Online shopping often feels like a one-way street from the point of view of the physical retail world: e-commerce has a wider selection, it’s open all the time, and there seems to be an endless funnel of data that online retailers can use to make their offers better and more personalized to each browsing consumer. But as rampant inflation wreaks havoc on any kind of price stability for consumers, it’s not quite game over, either.
Datasembly — a startup based in the Virginia suburbs of DC that provides retailers and CPG companies with big data-based analytics on product pricing and product promotions as well as insights into assortment — has raised $16 million in funding.
The round is a Series B and is being led by Noro-Moseley Partners — an Atlanta VC that focuses on backing tech startups out of the Southeast of the U.S. — with participation from Grotech Ventures, Topmark Partners and Staley Capital. The valuation is not being disclosed, but it comes with other interesting socioeconomic context.
This Series B comes almost 3 years after Datasembly raised a $10.3 million Series A led by Craft Ventures, a round closed in the throes of Covid-19, when many wondered just how and if physical stores would make it out of the pandemic alive.
Physical stores, as it turned out, didn’t die off, and many of those that have remained standing have definitely become more digitally savvy to improve how they can compete in the wider retail landscape.
That is where Datasembly comes into the picture. Fittingly, or ironically, for a company that aims to help those selling goods in brick-and-mortar settings compete better with the online world, its power comes from the fact that so much information is available online today: its big data analytics engine ingests more than 12 billion prices across some 150,000 online and offline storefronts on a weekly basis, working out to some 1.2 trillion “total observations in collection.”
“The critical information we use is on the web,” CEO and co-founder Ben Reich said in an interview. “We collect at a massive scale from the public web, focusing on price, promotion and assortment.”
He noted that retailers and brands have always focused on gathering this kind of information, but in the past it might have been teams of individuals tracking other physical stores, eventually adding a small selection of online stores into the mix.
That has changed not just because so much more shopping is now done online, he said.
“The inflationary period we’re in, combined with the economic effects of the pandemic and continuing supply chain issues have all caused unprecedented volatility,” he said. “The level of precision of bringing a product to market has exploded as a result.” There used to be national price zones, he said. “But these have shrunk and shrunk. Individual stores can have their own price zones now.”
And on a product-level, he added, everything now changes “with more speed and granularity than ever before. So brands and stores need to be more responsive. They are hungry for more information and transparency.”
While some of the world’s very biggest retailers online, like Amazon, may well have all the data and data science muscle they need to carry out this kind of work in house, the thinking goes that many of Datasembly’s would-be customers might not. (Reich would not comment on whether Amazon was a customer of the startup.)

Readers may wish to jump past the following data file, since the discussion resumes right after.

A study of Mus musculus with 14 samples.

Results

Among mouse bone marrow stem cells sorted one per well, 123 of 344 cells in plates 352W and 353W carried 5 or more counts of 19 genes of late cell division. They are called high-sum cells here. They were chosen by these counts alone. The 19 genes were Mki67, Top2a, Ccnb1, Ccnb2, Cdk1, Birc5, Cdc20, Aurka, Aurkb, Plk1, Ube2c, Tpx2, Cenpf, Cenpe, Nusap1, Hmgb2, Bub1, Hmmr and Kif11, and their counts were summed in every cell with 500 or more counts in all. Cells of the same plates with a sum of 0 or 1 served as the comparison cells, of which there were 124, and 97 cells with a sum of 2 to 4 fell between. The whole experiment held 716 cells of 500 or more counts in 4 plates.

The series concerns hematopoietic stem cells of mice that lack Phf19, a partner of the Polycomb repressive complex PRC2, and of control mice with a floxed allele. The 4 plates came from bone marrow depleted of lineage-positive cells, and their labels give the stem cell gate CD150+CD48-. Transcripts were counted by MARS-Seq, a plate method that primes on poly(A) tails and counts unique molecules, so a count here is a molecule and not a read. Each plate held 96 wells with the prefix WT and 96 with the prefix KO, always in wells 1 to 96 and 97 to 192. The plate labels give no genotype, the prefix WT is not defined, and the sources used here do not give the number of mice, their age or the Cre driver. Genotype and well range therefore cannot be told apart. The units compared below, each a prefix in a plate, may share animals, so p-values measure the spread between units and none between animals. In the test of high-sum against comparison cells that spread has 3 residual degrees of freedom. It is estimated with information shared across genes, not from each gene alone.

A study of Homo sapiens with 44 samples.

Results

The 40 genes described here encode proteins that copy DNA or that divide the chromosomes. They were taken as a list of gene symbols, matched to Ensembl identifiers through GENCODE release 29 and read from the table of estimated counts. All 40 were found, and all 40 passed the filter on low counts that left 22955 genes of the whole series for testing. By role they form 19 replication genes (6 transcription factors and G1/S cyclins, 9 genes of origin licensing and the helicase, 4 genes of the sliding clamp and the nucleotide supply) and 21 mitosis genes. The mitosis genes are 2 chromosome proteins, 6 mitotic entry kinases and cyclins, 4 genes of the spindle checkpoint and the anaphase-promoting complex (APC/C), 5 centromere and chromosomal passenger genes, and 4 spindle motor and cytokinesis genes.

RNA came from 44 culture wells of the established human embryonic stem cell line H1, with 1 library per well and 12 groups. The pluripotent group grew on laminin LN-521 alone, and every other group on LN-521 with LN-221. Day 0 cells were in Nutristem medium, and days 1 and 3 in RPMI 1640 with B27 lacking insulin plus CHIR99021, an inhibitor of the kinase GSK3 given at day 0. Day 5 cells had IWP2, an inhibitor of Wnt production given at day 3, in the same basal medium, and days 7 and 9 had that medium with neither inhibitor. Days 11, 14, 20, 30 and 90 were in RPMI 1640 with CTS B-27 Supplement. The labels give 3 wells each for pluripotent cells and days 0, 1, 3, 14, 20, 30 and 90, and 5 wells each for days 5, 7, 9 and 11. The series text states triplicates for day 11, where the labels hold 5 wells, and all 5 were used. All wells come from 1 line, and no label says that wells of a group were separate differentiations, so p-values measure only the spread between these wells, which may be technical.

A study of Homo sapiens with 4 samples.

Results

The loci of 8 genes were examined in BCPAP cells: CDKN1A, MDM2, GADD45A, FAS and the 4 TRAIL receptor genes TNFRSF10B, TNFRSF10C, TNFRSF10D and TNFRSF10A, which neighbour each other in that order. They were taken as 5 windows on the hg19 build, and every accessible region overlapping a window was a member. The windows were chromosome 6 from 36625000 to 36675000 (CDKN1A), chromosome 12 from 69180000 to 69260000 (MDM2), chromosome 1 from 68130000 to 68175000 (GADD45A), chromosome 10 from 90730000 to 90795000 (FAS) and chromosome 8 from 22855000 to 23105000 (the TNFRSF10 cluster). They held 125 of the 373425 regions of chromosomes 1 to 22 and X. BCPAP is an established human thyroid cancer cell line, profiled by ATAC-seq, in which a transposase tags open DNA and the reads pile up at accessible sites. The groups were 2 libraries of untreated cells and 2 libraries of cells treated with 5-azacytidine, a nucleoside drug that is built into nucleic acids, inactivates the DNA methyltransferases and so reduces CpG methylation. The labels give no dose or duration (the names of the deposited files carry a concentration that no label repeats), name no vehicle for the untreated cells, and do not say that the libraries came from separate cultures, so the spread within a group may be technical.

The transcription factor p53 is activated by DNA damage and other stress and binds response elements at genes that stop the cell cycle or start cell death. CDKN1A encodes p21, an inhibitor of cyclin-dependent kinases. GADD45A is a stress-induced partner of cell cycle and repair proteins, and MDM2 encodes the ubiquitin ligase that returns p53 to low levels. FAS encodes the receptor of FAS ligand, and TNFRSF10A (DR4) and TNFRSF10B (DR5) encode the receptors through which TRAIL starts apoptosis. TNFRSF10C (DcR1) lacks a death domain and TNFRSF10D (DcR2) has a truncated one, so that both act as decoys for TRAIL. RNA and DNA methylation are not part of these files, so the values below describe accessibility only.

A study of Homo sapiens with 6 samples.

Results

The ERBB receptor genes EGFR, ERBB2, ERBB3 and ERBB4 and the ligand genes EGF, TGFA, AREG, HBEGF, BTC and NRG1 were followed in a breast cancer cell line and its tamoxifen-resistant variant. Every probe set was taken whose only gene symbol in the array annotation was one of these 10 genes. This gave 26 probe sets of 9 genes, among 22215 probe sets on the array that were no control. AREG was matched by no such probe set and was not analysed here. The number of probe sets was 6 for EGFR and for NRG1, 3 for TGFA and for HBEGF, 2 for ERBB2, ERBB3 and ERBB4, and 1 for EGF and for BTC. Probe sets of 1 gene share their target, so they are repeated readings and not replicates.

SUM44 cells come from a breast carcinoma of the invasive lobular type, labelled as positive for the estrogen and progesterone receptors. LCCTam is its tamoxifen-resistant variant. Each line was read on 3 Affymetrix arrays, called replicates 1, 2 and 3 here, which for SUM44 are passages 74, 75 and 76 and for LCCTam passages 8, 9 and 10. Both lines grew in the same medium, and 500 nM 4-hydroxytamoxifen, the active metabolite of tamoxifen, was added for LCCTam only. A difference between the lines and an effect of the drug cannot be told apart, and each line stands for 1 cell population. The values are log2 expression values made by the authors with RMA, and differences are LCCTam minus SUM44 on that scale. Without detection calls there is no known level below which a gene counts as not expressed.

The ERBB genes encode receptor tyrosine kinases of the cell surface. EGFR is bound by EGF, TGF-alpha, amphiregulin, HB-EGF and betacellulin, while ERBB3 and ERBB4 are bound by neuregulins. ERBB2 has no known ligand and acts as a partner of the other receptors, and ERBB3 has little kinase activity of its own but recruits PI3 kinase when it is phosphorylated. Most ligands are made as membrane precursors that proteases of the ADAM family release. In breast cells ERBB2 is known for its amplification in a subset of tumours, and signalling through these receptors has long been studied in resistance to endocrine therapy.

And today, Datasembly already has a sizable business. It works with hundreds of partners (in its phrasing), including some 230 retailers like Target, Walgreens and Starbucks, and brands and organizations like General Mills, Nestle’s Purina and the U.S. Food and Drug Administration.
Retailers may be the most obvious category, but the others are just as hungry for this kind of data. The FDA tracks and publishes price indices and research, among other work where pricing is critical information; and as for brands, they have long had to grapple with a major disconnect when it comes to direct relationships with their consumers. The rise of social media has definitely changed the marketing game for them, and companies like Datasembly open the door to understanding what customers like and don’t like (and don’t buy, or do buy) even more.
And that also points to how Datasembly will be using this funding. The plan is to continue investing in more measurements that are demanded by its customers and to expand that customer base overall. For now, Datasembly is focused mainly on consumer packaged goods and groceries, but there is an obvious opportunity to extend this in all kinds of ways. It could expand to kinds of retail products like apparel, products purchased wholesale (not by consumers, that is), and beyond goods to pricing for consumer services.
Interestingly, Datasembly is in the business of business intelligence but not business itself: that is to say, it doesn’t currently make recommendations on how to price something or how to bundle a promotion; nor does it have any kind of inventory management as part of its platform. Reich said that was because retailers and brands still have their own individual strategies that they might follow: they may have different goals on margins; or they might want to, say, intentionally be more competitive (cheaper) on specific items to lure shoppers to build bigger overall baskets.
Whatever the aim, those businesses know they need data to understand better what to do next.
“CPGs and retailers need comprehensive, cost-effective, real-time pricing and product availability data,” said John Ale, a general partner at Noro-Moseley Partners, in a statement. “Datasembly provides the best-in-class solution, collecting and normalizing billions of data points weekly. As its customers continue to fight inflation and weather supply chain issues, Datasembly is instrumental in empowering effective pricing, promotion and assortment decisions.”